History's End

History will end only when Man does


    Iraqi Politics

    It is apparently going to take a while longer for the final results of the Iraqi election to be announced, but Iraqi Election Discussions has an early projection up:
    Seats - Party/List
    140 - United Iraqi Alliance (Shi’ite)
    68 - Kurdish List
    40 - The Iraqi List (PM Allawi)
    3 - Natl Elites & Cadres (Moqtada al Sadr)
    3 - People’s Union (Communist)
    3 - Iraqis List (Pres. al-Yawer)
    3 - IMIK (Islamist Kurdish)
    15 - Other parties
    275 - TOTAL SEATS
    The UIA is dominating the vote already, and looks to get a majority in the National Assembly. However, the Iraqi Constitution is set up so that it takes 2/3 of the Assembly to appoint people to the Presidential Council. That means that the UIA and the Kurds will need to form a general coalition in order to set up a government, as it is the presidency council which determines the Prime Minister. The Kurds, being the second most powerful bloc in the Assembly, and not explicitly secular like the Iraqi List, will be the partner with the UIA. They will use this opportunity well, I am sure, and are already flexing their muscles:

    The Kurds’ confidence in their political muscle has grown tremendously since Monday, when it became apparent they will almost certainly have the second-largest - and possibly the most cohesive and most courted - bloc in the constitutional assembly.

    The electoral commission announced then that the main Kurdish coalition had a quarter of the 4.6 million votes tallied so far, behind the leading Shiite slate of candidates but well ahead of the other parties. The Kurds are expected to take at least a fifth of the 275 assembly seats by the time the final count is announced.

    Securing the president’s office would give the Kurds enormous power in appointing key members of the new government, including the prime minister, and would bolster the standing of Kurds in the Middle East, where the governments of Turkey, Syria and Iran are fearful of any moves toward independence by minority Kurd populations in their own countries.

    I think that the Kurds will get the post of President, which is mainly a prestige post, as all three members of the council are equal in power. I expect the PM to be a religious Shi'ite, probably the leader of the UIA list.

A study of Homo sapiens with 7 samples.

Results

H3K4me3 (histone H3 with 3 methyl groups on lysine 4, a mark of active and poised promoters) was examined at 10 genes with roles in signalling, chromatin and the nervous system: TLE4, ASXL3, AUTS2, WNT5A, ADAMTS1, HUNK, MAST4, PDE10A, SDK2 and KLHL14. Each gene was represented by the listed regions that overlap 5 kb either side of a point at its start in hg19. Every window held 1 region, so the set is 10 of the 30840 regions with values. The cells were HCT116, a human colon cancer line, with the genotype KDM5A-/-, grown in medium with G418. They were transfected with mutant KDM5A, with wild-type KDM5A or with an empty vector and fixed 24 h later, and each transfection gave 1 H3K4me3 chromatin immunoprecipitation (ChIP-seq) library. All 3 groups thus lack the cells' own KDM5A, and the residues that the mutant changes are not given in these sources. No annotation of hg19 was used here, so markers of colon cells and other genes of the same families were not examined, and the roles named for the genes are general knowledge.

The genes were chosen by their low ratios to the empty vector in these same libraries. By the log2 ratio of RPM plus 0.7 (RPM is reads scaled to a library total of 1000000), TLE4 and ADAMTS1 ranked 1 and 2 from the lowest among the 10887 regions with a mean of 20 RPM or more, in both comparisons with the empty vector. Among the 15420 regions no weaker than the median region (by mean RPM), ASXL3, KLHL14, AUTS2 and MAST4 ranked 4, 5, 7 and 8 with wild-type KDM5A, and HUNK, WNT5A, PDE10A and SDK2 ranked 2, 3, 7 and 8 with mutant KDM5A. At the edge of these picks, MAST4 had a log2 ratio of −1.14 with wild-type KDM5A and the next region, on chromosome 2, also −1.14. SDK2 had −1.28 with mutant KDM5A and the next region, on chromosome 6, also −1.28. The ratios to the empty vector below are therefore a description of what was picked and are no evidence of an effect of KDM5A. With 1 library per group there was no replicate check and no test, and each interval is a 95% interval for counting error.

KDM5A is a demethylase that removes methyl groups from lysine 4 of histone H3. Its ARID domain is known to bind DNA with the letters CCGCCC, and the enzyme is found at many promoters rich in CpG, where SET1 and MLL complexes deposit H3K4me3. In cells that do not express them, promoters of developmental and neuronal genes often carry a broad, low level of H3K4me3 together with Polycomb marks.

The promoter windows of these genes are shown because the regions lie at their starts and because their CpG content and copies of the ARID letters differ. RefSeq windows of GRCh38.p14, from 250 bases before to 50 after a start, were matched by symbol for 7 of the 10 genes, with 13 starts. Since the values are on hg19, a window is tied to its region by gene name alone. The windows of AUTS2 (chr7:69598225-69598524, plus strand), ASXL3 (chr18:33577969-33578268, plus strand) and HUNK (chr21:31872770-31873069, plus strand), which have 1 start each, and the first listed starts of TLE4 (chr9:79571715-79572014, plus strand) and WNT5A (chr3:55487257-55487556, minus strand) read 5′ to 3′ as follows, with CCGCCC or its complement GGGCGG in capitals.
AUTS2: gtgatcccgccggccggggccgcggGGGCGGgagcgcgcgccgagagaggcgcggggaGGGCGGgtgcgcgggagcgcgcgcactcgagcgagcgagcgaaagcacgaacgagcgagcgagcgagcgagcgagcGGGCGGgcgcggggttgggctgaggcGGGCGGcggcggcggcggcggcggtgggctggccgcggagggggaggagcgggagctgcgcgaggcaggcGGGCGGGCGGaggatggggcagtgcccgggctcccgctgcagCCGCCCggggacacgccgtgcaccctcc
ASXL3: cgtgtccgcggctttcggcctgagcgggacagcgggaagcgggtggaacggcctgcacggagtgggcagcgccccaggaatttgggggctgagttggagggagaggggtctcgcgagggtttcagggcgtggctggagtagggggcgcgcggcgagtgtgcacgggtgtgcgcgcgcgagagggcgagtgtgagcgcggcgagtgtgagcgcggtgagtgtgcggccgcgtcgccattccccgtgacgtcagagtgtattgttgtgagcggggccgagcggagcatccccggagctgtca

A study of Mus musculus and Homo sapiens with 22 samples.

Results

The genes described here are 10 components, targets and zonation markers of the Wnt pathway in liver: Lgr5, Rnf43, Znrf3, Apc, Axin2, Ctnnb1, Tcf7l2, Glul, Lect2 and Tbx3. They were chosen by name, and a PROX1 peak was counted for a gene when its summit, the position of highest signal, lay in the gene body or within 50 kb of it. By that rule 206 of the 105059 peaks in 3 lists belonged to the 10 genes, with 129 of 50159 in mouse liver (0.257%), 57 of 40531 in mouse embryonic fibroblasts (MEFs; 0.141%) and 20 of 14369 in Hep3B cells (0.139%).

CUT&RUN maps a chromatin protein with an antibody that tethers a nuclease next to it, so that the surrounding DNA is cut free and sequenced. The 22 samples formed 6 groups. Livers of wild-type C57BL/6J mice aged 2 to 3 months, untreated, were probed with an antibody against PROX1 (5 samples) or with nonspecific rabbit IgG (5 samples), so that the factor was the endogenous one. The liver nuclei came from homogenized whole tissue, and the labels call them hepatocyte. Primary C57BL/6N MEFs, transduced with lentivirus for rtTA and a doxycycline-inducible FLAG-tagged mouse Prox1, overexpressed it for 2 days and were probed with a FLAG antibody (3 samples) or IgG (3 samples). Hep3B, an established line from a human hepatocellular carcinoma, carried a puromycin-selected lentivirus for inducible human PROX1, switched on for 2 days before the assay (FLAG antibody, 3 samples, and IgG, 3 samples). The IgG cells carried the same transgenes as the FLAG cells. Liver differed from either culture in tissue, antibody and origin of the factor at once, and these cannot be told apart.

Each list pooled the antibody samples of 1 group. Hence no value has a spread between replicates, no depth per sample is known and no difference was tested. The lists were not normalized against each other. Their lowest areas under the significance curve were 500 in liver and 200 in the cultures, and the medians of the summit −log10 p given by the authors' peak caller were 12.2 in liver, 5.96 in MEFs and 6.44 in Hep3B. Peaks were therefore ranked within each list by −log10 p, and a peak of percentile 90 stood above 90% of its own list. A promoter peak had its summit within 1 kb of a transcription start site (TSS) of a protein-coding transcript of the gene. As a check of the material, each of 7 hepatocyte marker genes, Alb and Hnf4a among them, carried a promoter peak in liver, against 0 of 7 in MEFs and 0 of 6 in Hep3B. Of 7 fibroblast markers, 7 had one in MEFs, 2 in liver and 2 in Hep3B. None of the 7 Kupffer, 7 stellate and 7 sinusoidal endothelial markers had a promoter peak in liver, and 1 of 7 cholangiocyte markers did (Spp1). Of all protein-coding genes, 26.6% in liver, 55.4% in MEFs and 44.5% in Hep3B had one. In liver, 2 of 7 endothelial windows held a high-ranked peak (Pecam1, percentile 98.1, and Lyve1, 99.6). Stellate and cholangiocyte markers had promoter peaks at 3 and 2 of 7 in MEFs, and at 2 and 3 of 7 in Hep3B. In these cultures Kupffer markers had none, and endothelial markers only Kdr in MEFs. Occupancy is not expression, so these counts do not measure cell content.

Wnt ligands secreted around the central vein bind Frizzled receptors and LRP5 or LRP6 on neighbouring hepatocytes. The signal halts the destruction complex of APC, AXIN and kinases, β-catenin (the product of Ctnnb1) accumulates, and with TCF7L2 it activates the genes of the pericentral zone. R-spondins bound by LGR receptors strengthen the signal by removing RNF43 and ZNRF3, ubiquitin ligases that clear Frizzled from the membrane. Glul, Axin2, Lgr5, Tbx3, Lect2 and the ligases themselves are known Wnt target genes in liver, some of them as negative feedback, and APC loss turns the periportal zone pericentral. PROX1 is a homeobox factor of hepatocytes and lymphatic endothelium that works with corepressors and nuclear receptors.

My advice to the Kurds is to get the Foreign Minister and Defense Minister posts, if possible. The Foreign Minister post is useful, as it raises the image and prestige of Kurds in the Middle East, and the Defense Ministry would be good to have on general principles. I would advise to not get any economic posts. The economy and infrastructure in Iraq will take time to build, and thus there is a good chance that Iraqis will blame the government for the inevitable failure. In such a scenario it would do the Kurdish list well to avoid blame, and instead have the UIA get the blame. This would help the Kurds, because it could reduce the amount of votes that the UIA gets in the December elections. This will give the Kurds more options, and could give them more power in the coalition that forms after those elections.

    My advice to the current Prime Minister Allawi is to not join the UIA-Kurdish coalition. Given the likely distribution of votes, it would be difficult to get either the post of President or Prime Minister. As those would be the two most visible posts, it would be almost necessary to get one of the two, otherwise the other members of the coalition would get more press, necessary for a better outcome in December. Far better would be to become the head of the Opposition. There you would have almost as much visibility as the PM, and would be able to avoid blame for things wrong. Since the economy and infrastructure won't be fixed by December, you can use the Opposition pulpit to help draw support for the December elections. This gives you a chance of getting a better share of the votes for the Constitutional government that follows. Also, by staying out of the coalition you could actively try and draw away support from the UIA from within. Encourage it to fracture or try and woo away members to join the opposition. That is my advice for now, but events on the ground could nullify it quickly.